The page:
Posted by samzenpus
from the why-so-slow? dept.
Sparrowvsrevolution writes "At the Black Hat security conference in Las Vegas Wednesday, researcher Dan Kaminsky announced he will release a free software tool for detecting when an Internet service provider is artificially slowing down or speeding up traffic to and from a website, a tool he is calling N00ter, or 'neutral router.' N00ter functions like a VPN, routing traffic through a proxy and disguising its source and destination. But instead of encrypting the traffic in both directions as VPNs do, it instead spoofs the traffic from a Web site to a user to make it seem to be coming from any Web site that the user wants to test. That traffic can be compared with a normal connection to the N00ter server without a spoofed IP address, to spot any artificial changes in speed."


    by ProfanityHead (198878) on Thursday August 04, 2011 @08:45AM (#36984366)

    no link to the actual tool?!? wtf

    Article said "released" and "will release shortly". Take your pick I guess?

    At the Black Hat security conference in Las Vegas Wednesday, Kaminsky released a free software tool for detecting when an Internet service provider (ISP) is artificially slowing down or speeding up traffic to and from a website, a program the well-known security researcher is calling N00ter, or “neutral router.”

    Then:

    N00ter, a tool that Kaminsky plans to release in coming weeks

  • Re:Very cool tool (Score:5, Informative)

    by dkleinsc (563838) on Thursday August 04, 2011 @09:23AM (#36984778) Homepage

    With telecom, the libertarian solution simply doesn't work.

    Basic micro-econ depends on the idea that if the price of a good goes too high, more sellers enter the market to take advantage of the higher profits, which lowers the price due to competition, so the price returns to equilibrium. Equally important, if the price goes too high, buyers get priced out of the market and stop buying the service.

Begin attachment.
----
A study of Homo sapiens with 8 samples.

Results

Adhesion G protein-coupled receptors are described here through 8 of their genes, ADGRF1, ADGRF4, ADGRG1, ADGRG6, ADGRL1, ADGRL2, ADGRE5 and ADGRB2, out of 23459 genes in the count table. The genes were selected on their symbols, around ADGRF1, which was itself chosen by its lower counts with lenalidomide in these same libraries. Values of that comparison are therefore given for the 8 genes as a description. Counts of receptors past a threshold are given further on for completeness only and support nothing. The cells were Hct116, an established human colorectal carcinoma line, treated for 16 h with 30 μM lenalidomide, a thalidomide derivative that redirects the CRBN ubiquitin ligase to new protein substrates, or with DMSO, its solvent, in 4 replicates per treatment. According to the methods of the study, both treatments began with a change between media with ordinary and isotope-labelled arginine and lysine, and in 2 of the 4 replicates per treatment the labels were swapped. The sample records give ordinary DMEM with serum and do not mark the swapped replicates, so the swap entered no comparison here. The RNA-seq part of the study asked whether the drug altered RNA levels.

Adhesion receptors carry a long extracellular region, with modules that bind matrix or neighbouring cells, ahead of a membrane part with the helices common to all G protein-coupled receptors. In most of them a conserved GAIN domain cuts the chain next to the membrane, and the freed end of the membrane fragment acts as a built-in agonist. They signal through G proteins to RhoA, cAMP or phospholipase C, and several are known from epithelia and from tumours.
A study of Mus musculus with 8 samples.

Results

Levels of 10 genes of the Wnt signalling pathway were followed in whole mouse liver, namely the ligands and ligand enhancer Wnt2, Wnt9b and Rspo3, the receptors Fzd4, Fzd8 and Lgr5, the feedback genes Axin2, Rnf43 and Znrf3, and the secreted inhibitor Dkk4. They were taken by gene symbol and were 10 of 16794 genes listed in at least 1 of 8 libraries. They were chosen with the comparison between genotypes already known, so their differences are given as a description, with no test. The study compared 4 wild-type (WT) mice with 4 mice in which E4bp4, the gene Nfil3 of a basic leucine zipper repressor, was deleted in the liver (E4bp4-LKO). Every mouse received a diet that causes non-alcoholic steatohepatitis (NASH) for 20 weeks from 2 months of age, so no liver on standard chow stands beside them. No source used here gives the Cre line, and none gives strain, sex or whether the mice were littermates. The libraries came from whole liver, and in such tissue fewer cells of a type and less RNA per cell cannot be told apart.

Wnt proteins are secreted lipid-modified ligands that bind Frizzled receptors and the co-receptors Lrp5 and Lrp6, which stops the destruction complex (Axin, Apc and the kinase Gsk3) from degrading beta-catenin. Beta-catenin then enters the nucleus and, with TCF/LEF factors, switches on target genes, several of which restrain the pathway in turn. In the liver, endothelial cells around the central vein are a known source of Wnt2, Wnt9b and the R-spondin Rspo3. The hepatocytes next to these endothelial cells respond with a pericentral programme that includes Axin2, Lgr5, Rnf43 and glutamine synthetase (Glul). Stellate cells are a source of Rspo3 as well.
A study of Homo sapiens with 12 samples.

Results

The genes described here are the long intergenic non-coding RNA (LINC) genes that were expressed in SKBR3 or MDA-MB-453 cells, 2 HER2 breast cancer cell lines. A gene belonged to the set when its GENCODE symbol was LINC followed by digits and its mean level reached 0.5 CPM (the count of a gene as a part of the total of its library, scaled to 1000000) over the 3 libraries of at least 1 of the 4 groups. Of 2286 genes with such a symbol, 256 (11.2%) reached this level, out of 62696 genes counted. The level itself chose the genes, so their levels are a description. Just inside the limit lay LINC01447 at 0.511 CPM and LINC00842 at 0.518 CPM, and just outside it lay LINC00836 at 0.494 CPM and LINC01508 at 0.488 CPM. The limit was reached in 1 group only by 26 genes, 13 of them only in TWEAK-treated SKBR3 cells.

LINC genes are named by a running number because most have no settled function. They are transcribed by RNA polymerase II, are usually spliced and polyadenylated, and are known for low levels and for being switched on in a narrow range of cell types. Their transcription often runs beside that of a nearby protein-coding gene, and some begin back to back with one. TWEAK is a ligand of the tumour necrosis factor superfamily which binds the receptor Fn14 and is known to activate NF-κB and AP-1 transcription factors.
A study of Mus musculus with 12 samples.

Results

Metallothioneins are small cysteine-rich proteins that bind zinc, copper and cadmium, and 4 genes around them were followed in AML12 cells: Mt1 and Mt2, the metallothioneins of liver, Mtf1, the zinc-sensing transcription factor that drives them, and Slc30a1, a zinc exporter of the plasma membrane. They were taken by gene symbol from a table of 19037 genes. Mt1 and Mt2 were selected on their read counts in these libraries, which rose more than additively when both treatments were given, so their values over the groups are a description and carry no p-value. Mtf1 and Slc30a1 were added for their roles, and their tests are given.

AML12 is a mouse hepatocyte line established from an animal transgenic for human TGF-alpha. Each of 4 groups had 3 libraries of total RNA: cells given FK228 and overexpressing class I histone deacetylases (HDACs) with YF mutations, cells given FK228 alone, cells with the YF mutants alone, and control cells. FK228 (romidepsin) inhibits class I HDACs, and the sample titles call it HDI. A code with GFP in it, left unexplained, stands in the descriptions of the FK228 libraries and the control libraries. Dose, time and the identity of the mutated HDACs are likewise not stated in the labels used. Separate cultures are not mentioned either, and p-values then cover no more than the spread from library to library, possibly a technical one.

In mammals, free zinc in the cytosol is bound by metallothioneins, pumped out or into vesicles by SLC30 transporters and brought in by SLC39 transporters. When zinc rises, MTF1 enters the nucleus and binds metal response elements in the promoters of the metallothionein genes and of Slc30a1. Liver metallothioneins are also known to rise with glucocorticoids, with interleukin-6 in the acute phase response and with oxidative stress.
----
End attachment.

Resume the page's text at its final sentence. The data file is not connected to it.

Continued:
However, with telecom, new sellers can't enter the market without regulations to support them. A new seller in the telecom market will not be able to get in - any established competitor (call them BS&S) won't make peering agreements at reasonable costs (because the value of the peering agreement is much greater to the newcomer than BS&S), which means any customers of the new guy won't be able to reach the vast majority of people with phones, which means nobody will become a customer, so the newcomer quickly goes out of business. Therefore, the government adds in a regulation requiring peering agreements at the cost of setting up the pipe between the peers. But now the newcomer has to get a signal from their switches to the customer, which means they have to either run lines to all of its customers (while BS&S can use the lines already there), or lease access to the lines from BS&S, who will charge a high enough price that the newcomer can't offer a lower price than BS&S, so the newcomer can't get any customers and goes out of business. So the government adds another regulation requiring BS&S to lease line access at cost.

    And you also have a situation where BS&S refuses to serve rural customers, or charge ridiculous prices to do so, because it's much more expensive to run a line out to them. The rural citizens complain that it's unfair that they have to pay $300 a month for phone service while city folk get it for $30. So the government adds another regulation saying that all competitors must sell the same service to all customers at the same price. But that means that the newcomer who's trying to enter the market by undercutting BS&S on price can't manage in a rural area because the cost of getting to the more remote customers is too high to make anything on it. So now the government has to differentiate between competitors who are required to serve rural customers at the same price as city folk from competitors that don't because they're newcomers.

    And the story continues, but the point is that governments don't just write regulations for the heck of it, and most of the telecom regulations exist for a reason.

  • Re:Very cool tool (Score:4, Informative)

    by NeverVotedBush (1041088) on Thursday August 04, 2011 @11:18AM (#36986102)
    No. It doesn't mean a network is overcommitted. It may be overcommitted if everyone goes as fast as they possibly can with no throttling, but if you have tiered service then you need to make sure that people who don't pay for the bandwidth don't take away from the people who do.

    You can't hang your argument on saying because it is badly implemented by some, it is bad by default.